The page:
It’s been eight years since I graduated with my BA in English, and seven since I went back (and quickly dropped out of) my Masters, so it’s been a while since I’ve been in a classroom for formal schooling and lecturing. It’s been even longer since my last Science or Math class, and that’s pretty much all I have in front of me now, which makes it even more daunting. I wasn’t sure what to expect, but thankfully, it has been not bad at all.
Since I’m taking general Science pre-requisites I need for the Nursing program, it means I am with mostly freshmen in class, which means my professors are, for the most part, taking the first few class sessions fairly easy. This isn’t the Fall semester, when the freshmen would’ve been right out of high school, so we’ve started digging into our classes proper by the second session, but even so, we’re going at a nice, easy pace. This has been wonderful for me, because it allowed me to get my bearings as well, and ease into University-mind once more.
The biggest difference so far has been getting used to the amount of symbiosis there is now with online components. All of my professors have websites for their classes, something that was an anomaly when I graduated in 2002: two of them are using Blackboard, a program that allows for rich-media education components, one is using Google Groups and one has her own site. Through these I can get my syllabuses, lecture notes, reviews, and even take quizzes. I’m a very online-savvy person, so I can deal with this, but it is surprising how far FIU has come in this respect. Heck, even most of the official stuff I have to do with the university I’ve done online, which is just fantastic!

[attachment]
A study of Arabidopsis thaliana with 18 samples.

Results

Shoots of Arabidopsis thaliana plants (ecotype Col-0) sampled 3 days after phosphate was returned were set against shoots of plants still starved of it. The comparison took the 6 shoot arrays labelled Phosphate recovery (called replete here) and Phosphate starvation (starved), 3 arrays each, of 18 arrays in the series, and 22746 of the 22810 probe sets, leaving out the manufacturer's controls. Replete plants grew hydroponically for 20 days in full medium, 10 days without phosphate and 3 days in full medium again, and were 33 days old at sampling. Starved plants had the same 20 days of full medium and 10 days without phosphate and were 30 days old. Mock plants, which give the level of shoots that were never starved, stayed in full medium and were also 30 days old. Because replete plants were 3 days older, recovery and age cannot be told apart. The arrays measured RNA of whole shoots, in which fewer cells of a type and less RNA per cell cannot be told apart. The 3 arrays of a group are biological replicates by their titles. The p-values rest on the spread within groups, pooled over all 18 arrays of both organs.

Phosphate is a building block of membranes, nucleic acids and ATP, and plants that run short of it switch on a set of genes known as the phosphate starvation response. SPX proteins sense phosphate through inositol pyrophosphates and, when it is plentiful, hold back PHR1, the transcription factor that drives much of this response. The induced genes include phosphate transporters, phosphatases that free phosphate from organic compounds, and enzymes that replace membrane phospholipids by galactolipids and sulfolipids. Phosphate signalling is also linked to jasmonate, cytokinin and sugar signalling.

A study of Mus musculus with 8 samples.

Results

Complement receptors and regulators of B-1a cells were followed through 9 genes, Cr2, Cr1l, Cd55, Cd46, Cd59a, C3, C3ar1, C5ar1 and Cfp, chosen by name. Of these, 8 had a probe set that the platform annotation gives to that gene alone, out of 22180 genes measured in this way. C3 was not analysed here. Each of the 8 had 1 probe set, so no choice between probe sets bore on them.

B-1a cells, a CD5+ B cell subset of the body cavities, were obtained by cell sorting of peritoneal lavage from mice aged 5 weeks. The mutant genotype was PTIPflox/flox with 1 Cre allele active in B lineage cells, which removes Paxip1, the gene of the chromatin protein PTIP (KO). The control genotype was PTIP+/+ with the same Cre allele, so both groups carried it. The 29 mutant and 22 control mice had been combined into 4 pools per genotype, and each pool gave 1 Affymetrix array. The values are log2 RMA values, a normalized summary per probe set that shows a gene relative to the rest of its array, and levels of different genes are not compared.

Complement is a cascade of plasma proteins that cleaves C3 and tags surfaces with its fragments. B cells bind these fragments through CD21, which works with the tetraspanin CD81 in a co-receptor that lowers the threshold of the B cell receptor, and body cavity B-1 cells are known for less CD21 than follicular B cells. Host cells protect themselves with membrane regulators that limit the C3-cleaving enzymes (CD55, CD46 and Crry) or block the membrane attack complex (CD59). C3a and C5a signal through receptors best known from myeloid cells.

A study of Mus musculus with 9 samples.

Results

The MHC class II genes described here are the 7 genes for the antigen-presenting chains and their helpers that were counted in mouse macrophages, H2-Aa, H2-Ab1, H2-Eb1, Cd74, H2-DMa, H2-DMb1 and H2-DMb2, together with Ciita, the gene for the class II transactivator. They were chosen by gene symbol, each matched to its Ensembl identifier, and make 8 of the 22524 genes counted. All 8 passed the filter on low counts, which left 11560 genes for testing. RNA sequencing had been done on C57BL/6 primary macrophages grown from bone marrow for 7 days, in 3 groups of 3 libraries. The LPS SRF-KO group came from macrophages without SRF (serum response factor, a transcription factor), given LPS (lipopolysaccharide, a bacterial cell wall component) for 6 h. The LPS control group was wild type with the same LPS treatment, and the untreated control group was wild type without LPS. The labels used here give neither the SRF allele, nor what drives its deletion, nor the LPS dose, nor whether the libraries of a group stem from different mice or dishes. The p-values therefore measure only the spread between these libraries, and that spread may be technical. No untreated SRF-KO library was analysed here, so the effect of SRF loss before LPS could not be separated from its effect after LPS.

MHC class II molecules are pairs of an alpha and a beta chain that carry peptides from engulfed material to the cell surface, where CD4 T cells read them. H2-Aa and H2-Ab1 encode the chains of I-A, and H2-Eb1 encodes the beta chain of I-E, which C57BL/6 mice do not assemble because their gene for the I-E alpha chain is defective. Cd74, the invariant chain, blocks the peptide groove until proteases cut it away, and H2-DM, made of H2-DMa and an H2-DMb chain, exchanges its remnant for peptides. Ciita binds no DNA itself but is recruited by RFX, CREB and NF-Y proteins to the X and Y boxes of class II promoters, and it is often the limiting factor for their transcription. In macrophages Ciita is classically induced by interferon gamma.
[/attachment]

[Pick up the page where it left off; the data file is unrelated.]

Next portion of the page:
Foundations of Human Physiology is my first hard-science class since 1997 or so, when I took (and failed) Biology in Puerto Rico. This is also my most important class this semester as far as I’m concerned, as it forms the start of my Biology foundations for Nursing. So far, so good. I’m remembering a lot from my 10th grade Biology lessons, surprisingly, though I’ve had to translate everything in my head, as my prior science classes were all in Spanish. The professor is nice and has an even teaching speed, which is great for taking notes and paying attention to the lecture.
The Human Physiology Lab is awesome. On the first session we got to use a microscope (something I have not used since 1990!) and get reacquainted with it and with basic cell structures. I got to see live human cells from a cheek swab I did on myself (apparently I have awesome cheek cells that could be seen super clear). I felt like a kid in a toy store. I want more of this; it is this practical application that I always loved, and would talk my Mom’s ear off about when I got back home from school. More like this, please.
Introduction to Ethics is my Philosophy requisite class, and the only one where I’m fairly sure I’ll be able to apply my critical thinking training from my English degree. My professor reminds me of Tom Cruise (before he went crazy and started jumping on couches); he’s easy-going and has successfully drawn in the class, not to mention winning it over by learning each of our names. Looking forward to discussing hard-choice themes.
Introduction to Psychology looks to be interesting. My professor must be around my same age (which is kind of weird), and she seems to have a fairly laissez-faire attitude. The topic is one I find interesting, so I’m also looking forward to exploring the basics of the mind.
Introduction to Statistics is my Math and I am fighting the urge to go bleh. I know I can do it, I just don’t like it. I am not letting pre-disposition rule my attitude, though, and I’m determined to do well. But I will not lie: the sooner I can be done with these math pre-reqs, the better. Ugh.
So, there you have it, my first week. I have long breaks in between classes each day which gives me time to read and do classwork while at FIU, so I’m off to make use of that time. More updates as the semester goes along.